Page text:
TransCanada, which failed to win approval for the controversial KeyStone XL Pipeline, has agreed to acquire Columbia Pipeline for $10.2 billion, though the deal is valued at $13 billion when including the assumption of debt.
The acquisition is expected to wrap in the second half of this year, subject to regulatory approval and other usual conditions. If everything goes as planned, TransCanada will become one of the largest movers of natural gas in the U.S.
TransCanada is offering $25.50 per share in cash for each share in Columbia Pipeline. That's about an 11 percent premium based on Columbia Pipeline's closing share prices on the New York Stock Exchange on March 16.
"This transaction delivers tremendous value to our shareholders and places Columbia Pipeline Group within a leading energy platform that can maximize the value of our strategic positioning and deep inventory of transformational growth projects," said Columbia Pipeline CEO and Chairman Robert C. Skaggs, Jr.
The addition of Columbia Pipeline's hold of 15,000 miles of gas pipeline, extending from the Gulf of Mexico to New York, gives TransCanada a network of oil and gas pipes that spans about 57,000 miles.
Columbia Pipeline's footprint in the northeastern U.S. offered TransCanada a lucrative opportunity to claim territory in the Utica and Marcellus shale gas region, according to Russ Girling, CEO of TransCanada.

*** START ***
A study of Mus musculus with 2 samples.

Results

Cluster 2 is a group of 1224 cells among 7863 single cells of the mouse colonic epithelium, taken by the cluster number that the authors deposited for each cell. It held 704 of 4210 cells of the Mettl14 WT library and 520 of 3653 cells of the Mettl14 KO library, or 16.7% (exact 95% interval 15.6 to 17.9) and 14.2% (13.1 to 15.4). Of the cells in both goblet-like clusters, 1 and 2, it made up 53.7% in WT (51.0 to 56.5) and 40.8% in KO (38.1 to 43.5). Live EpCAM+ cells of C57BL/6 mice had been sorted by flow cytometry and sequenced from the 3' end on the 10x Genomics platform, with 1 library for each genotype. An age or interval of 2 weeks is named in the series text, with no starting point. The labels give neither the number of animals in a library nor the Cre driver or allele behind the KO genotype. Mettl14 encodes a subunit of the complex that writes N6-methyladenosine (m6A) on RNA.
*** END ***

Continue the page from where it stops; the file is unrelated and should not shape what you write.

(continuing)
"The assets complement our existing North American footprint which together will create a 91,000-kilometre (57,000-mile) natural gas pipeline system connecting the most prolific supply basins to premium markets across the continent," Girling. "At the same time, we will be well positioned to transport North America's abundant natural gas supply to liquefied natural gas terminals for export to international markets."
The deal offer TransCanada a high rate of return at a time in which it has seen it pipelines fall from 7 billion cubic feet of natural gas per day in 2000 to 3 billion cubic feet per day in 2015. The deal also takes out a rival.
Last year, TransCanada failed in its seven-year bid to win approval for the controversial Keystone XL pipeline. A few months ago, President Barack Obama issued an executive order blocking the deal to construct the massive pipeline.
The pipeline would have moved oil from Canada oil sand, down the middle of the U.S. to the Gulf of Mexico.